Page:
British Foreign Secretary David Miliband said Tuesday the Pakistan state had not directed the attacks on Mumbai, but urged Islamabad to fulfil its promise to root out “militant groups”. India hoped that Pakistan would hand over the “fugitives of Indian law”, notwithstanding Islamabad’s refusal to do so, and asked the world community to build pressure on Pakistan in a “concerted” manner to ensure that perpetrators of the Mumbai attacks are brought to justice. Indian External Affairs Minister Pranab Mukherjee, who held “exhaustive” talks with his British counterpart David Miliband at Hyderabad House, apprised him of details of the Mumbai attacks and its links in Pakistan. “I do not believe that the attacks were directed by the state. It is important to say that.

What is also important is the response of the Pakistani government to the Lashkar-e-Taiba (LT),” Milliband said while addressing a joint Press conference with Pranab Mukherjee when was asked to comment on Indian Prime Minister Manmohan Singh’s view that official agencies of Pakistan could have been involved in the Mumbai strikes. “As for the links back to Pakistan, those are clear,” he said and added the LT was responsible for the Mumbai attacks. The British Foreign Secretary asked Pakistan to take on LT, the alleged architects of the Mumbai terror attacks, “frontally and politically” even as Pranab again reminded Islamabad to bring the perpetrators of the terror attacks to justice and honour its anti-terror pledge. Contending that it is in Pakistan’s own interest to go after terrorists, the British Foreign Secretary said the modern day threat to Pakistan comes from “within its own borders” as has been highlighted by the assassination of former prime minister Benazir Bhutto. Pakistan is vital for security of India and Afghanistan, he said adding stable and prosperous Pakistan is in the interest of the world. “It is clear that the Pakistani apparatus have the fundamental responsibility to tackle the roots of this organisation,” he said. When it was pointed out that LT’s front outfit Jamaatud Daawa continues to function despite the UN ban, he said Pakistan has a “history of people being arrested and then not being prosecuted or brought to justice”.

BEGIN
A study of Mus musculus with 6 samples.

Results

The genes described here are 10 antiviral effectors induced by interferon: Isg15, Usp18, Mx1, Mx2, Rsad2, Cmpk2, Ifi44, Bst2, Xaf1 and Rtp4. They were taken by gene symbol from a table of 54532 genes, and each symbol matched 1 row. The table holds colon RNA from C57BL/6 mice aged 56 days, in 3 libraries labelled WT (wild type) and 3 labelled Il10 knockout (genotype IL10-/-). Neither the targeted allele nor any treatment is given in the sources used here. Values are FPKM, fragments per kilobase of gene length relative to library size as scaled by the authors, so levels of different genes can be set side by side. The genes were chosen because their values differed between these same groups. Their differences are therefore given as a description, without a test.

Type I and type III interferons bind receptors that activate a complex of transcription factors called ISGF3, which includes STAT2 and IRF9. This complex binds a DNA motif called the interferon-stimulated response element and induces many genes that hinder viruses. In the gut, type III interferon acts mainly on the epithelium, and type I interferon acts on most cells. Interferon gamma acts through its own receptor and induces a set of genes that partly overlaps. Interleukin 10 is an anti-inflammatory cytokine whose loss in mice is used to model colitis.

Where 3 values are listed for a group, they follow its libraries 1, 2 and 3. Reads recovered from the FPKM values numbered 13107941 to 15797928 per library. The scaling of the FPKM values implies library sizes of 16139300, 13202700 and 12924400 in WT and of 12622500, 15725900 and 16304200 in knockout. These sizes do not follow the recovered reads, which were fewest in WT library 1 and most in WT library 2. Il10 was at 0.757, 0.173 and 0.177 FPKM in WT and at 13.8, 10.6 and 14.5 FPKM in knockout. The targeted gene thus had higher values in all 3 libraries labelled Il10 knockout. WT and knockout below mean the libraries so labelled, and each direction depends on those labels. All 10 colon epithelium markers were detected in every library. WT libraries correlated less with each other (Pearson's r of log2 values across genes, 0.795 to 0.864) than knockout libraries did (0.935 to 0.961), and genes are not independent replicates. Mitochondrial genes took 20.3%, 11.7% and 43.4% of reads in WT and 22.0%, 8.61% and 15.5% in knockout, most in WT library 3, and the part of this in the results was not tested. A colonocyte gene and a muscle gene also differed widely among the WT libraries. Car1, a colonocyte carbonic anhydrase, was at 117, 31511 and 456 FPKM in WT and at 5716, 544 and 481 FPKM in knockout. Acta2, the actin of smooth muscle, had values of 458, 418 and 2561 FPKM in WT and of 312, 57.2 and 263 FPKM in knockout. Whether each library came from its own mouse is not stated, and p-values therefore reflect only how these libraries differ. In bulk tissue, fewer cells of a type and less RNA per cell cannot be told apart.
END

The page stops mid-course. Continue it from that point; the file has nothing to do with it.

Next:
“The responsibility of the Pakistan side is something we expect them to fulfil as strong sense of the people of Pakistan and also as a member of the UN Security Council. Those who have been arrested must be brought to justice and, if found guilty, need to be punished,” Milliband said. He underlined that “in this case, it is an appropriate response.” Indian Minister Pranab Mukherjee said the world should put pressure on Pakistan to take action against the perpetrators of Mumbai attacks.

He said during his talks with Miliband, he stressed the “need for concerted international pressure on Pakistan to take firm action” against the perpetrators of Mumbai attacks and end what he called cross-border terrorism, of which India has been a “victim”. Asked about Pakistan’s rejection of India’s demand for handing over the Mumbai suspects to face Indian justice, Mukherjee replied: “Pakistan is obliged to implement all international commitments and resolutions against terrorism. Pakistan as a member of Saarc (South Asian Association for Regional Cooperation) is required to implement the Saarc convention on terrorism.” “I do hope that the material we have provided to Pakistan and evidences which have given, they will act on it and will ensure that perpetrators of these terror acts are brought to justice and some of the fugitives of Indian law who have taken shelter in Pakistan will be handed over to India for their proper justice,” he said. He underlined that the Mumbai attacks as also a series of terror strikes earlier had nothing to do with Indo-Pak issues but were a part of global terrorism. Miliband stressed that the men arrested in Pakistan must face trial.

“It is important that those who have been arrested be brought to justice,” Miliband said, adding that he believes that the Zardari government would do it as it has promised to do so. “I think it is very important that those who are arrested are brought to trial on the basis of the evidences that have been accumulated,” he hoped. Lashing out at LT, he said the “grievances” on which the outfit is “trying to play on” can in “no way justify” its acts. “Political future of Pakistan depends on focussing not on historical biases but on current challenges, domestic challenges, political and social challenges,” he said. Hailing Pakistan’s legal system, he said it “showed its independence” in 2008 in the campaign against the previous Musharraf government. He said the lawyers and justices of Pakistan are capable of acting “without fear or favour”. Miliband noted that the Pakistan government has said they want to prosecute those who have been arrested for the terrible crime in Mumbai.

President Asif Ali Zardari is sincere in countering terrorism and Pakistan has adopted a right strategy to deal with terrorism. Pakistan is also victim of terrorism, he said. “I believe that President (Asif Ali) Zardari is sincere when he says that he wants to tackle the scourge of terrorism in Pakistan,” he said. Miliband, who travels to Islamabad on Thursday (tomorrow), said it is vital that the whole Pakistan state machinery support Zardari in tackling terrorism. “Terrorism is not someone else’s war in Pakistan. It is their own,” he said.